Germany's economy performed much better than expected in the first three months of this year, making it again the driving force for the eurozone.
Germany’s economy performed much better than expected in the first three months of this year, making it again the driving force for the eurozone.
Private consumption was the most important element.
Record-low unemployment, low interest rates and higher wages meant freer spending which more than offset a dip in foreign trade.
However the economy ministry in Berlin said it expects German growth to slow due to weaker exports.
For the eurozone as a whole the latest estimate showed growth at 0.5 percent from the previous three months.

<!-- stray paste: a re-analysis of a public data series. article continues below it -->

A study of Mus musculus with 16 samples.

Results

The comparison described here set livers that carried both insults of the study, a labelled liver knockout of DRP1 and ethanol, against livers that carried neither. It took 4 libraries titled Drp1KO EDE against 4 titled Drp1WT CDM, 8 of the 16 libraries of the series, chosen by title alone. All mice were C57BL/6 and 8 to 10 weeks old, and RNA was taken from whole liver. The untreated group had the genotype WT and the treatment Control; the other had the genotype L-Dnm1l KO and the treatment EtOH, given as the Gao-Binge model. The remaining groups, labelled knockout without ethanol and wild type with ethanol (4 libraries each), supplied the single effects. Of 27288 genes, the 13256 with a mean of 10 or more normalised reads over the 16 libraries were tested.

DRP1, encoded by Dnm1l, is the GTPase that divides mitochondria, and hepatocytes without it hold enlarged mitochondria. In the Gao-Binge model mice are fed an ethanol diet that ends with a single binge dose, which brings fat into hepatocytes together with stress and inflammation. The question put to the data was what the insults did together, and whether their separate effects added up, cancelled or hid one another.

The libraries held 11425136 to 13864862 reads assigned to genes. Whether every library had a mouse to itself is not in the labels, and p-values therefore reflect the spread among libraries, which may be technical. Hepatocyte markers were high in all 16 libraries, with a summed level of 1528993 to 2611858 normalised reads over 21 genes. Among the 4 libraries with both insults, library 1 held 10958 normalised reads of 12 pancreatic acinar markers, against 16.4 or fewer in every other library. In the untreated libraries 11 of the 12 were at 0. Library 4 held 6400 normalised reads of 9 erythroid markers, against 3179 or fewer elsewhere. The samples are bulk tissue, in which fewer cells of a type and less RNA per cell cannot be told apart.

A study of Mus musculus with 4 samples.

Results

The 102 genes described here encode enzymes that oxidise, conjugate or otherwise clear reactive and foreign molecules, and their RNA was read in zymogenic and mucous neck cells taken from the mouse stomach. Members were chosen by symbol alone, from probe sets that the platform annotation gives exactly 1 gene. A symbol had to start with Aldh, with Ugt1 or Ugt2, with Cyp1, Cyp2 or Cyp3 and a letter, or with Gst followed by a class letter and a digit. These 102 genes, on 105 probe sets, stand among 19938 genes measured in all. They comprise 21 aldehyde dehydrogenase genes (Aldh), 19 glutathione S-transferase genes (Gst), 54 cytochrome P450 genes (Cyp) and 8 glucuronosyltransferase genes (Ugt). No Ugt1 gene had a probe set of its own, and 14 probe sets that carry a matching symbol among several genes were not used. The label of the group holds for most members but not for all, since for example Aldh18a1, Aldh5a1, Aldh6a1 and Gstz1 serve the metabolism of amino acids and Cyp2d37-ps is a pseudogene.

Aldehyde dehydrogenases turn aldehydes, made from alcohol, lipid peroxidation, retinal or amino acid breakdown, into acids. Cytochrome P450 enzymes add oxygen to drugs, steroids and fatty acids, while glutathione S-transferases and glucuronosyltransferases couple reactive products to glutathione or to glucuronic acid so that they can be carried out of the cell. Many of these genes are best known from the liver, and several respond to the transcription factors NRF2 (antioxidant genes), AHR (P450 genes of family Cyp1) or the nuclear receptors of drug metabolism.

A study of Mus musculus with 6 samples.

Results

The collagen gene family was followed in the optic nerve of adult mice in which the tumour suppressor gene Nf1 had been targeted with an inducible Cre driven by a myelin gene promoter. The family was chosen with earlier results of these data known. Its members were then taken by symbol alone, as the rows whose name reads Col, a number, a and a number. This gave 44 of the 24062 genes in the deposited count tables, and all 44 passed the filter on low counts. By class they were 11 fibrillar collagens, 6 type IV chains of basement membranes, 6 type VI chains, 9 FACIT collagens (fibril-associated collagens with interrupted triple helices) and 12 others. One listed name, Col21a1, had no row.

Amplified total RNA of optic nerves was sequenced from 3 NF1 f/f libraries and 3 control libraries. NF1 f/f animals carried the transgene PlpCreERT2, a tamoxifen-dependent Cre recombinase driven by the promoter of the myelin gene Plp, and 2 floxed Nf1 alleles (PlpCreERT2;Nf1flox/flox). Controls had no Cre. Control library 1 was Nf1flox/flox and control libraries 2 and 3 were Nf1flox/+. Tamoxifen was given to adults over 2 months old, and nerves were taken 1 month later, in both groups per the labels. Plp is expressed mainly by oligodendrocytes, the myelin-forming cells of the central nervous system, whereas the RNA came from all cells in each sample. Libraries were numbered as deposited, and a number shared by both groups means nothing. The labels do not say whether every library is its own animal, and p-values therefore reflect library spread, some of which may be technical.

For the two largest economies – Germany hit 0.7 percent – the fastest pace in two years – and France saw a surprisingly strong 0.5 percent, as did the Netherlands.
The region’s third biggest economy – Italy – managed a modest 0.3 percent which was broadly in line with expectations.
Solid domestic demand supported Italian GDP between January and March with industry and services contributing even as agriculture contracted.
Trade was a drag on growth, with exports outstripped by imports.
Greece’s economy shrank 0.4 percent in the first quarter compared with the final three months of 2015. GDP was down by 1.3 percent from the same period a year ago.
“The result is in line with our expectations and reflects a relative weakening in private consumption due to uncertainty over the conclusion of the bailout review,” said National Bank economist Nikos Magginas.
The EU Commission expects the economy to contract by 0.3 percent this year, but some economists are hopeful it could return to growth in the second half of the year.